Peace at last?

The Sudanese government signs a preliminary cease-fire reaty with rebels

by Katrina Caruso

The president of Sudan, Omar al-Bashir, signed a preliminary peace accord in Qatar on Feb. 23 for a temporary cease-fire with the Darfur rebel group The Justice and Equality Movement (JEM).
Many countries, including Canada and the United States, view this signing as a positive step for the future of Sudan’s rocky internal state. However, due to its status as a temporary accordance, both sides will have to uphold their agreements; if one side does not follow the cease-fire, the treaty may fall through.
The leaders of Sudan, Qatar, Eritrea and Chad were all present for the signing of the treaty, to discuss further action in bettering the relations between the four countries and to consider the potential for JEM to be recognized as an official Sudanese political party. Ultimately, however, they gathered to realize ways in which  to instill peace in Darfur and to settle the unrest.
Over 300,000 people have died or been slaughtered in the war in Darfur since 2003 as a result of combat, starvation or medical issues, with 2.7 million people have been displaced in hopes of dodging such atrocities. Seven years ago, citizens of Darfur began being “ethnically cleansed” by the Sudanese government militias, and the rebellion groups began acting out in defiance.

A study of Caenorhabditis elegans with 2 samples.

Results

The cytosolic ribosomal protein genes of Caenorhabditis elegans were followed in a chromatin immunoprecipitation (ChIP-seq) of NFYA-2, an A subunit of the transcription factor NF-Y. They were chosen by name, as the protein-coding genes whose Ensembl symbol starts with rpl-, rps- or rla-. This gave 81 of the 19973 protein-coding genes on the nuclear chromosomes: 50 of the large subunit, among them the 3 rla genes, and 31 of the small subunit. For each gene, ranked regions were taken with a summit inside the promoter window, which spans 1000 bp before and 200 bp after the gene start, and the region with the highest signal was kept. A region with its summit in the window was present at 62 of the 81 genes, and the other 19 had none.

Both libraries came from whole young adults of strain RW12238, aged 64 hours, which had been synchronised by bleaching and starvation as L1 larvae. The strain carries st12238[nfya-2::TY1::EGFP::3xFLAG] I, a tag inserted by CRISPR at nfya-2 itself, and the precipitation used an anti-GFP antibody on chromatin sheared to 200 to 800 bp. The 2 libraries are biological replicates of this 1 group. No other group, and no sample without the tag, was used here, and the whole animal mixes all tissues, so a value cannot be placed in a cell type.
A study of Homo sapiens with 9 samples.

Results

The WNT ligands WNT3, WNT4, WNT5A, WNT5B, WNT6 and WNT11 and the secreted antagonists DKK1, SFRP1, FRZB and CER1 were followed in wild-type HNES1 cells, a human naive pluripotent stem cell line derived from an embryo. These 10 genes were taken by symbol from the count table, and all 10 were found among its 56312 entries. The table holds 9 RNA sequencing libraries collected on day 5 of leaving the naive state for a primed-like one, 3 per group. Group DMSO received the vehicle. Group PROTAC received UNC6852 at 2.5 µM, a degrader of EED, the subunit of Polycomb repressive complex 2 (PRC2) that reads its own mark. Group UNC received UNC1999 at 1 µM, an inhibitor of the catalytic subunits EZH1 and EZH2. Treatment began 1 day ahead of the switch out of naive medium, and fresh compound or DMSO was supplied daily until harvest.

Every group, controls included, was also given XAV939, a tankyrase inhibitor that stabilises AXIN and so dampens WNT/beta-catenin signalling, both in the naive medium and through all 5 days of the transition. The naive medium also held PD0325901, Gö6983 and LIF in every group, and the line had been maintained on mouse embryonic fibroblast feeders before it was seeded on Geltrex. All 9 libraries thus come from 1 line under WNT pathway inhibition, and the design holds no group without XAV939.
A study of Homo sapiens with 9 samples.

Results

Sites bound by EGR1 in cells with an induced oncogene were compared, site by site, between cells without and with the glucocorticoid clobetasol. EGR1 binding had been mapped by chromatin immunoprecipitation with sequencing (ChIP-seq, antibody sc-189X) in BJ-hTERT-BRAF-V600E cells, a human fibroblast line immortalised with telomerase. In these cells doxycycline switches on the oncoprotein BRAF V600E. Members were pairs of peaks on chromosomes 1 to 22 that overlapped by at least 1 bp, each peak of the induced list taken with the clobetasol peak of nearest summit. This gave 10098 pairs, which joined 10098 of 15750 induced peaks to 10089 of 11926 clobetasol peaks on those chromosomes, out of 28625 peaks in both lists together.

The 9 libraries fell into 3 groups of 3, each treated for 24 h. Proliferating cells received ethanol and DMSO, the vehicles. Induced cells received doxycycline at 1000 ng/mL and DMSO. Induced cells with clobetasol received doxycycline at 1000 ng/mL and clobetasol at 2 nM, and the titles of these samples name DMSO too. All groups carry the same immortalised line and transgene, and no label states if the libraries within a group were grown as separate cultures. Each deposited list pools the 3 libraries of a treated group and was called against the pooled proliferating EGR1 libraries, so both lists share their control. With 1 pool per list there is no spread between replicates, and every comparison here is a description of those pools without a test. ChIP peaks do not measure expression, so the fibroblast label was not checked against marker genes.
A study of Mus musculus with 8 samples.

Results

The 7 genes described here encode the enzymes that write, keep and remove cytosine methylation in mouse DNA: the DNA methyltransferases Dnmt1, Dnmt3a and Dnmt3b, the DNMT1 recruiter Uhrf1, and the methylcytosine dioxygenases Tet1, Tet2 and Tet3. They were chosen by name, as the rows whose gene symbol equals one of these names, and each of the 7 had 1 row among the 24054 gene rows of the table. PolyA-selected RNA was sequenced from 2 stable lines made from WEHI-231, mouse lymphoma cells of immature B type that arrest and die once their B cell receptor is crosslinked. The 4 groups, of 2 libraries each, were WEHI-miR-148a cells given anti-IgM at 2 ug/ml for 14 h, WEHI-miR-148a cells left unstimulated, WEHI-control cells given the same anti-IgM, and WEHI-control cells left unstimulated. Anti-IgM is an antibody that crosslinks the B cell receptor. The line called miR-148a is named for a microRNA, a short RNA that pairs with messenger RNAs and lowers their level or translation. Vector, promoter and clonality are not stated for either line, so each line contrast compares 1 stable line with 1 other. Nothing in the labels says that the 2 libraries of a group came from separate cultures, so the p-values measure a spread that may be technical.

Sudan’s situation has only recently been labelled as a genocide by the United Nations at The Hague. With its new status and its own personal war crime charges issued by the International Criminal Court, Bashir has been pressured into ending the warfare in Darfur. The charges have incited the president to take measures in deterring conflicts in the area, what with the upcoming Sudanese presidential elections. These elections, during which Bashir is up for re-election, will be the first since 1983, when civil war broke out in Sudan.
There are many other rebel groups that have not yet signed the agreement, among them the Sudan Liberation Movement. These groups say that they have certain requests which need to be met in return for their concurrence. Nevertheless, the fact that JEM has signed the treaty is already a step in the right direction and will potentially promote other groups to sign.
“There will be a point where, if a rebel group or a movement decides not to be a part of this, they will isolate themselves,” said Scott Gration, a retired U.S. air force major general, to the Canwest News Service.
A permanent cease-fire treaty is set for March 15, at which point Darfur may take small steps to rebuild and regain stability once more.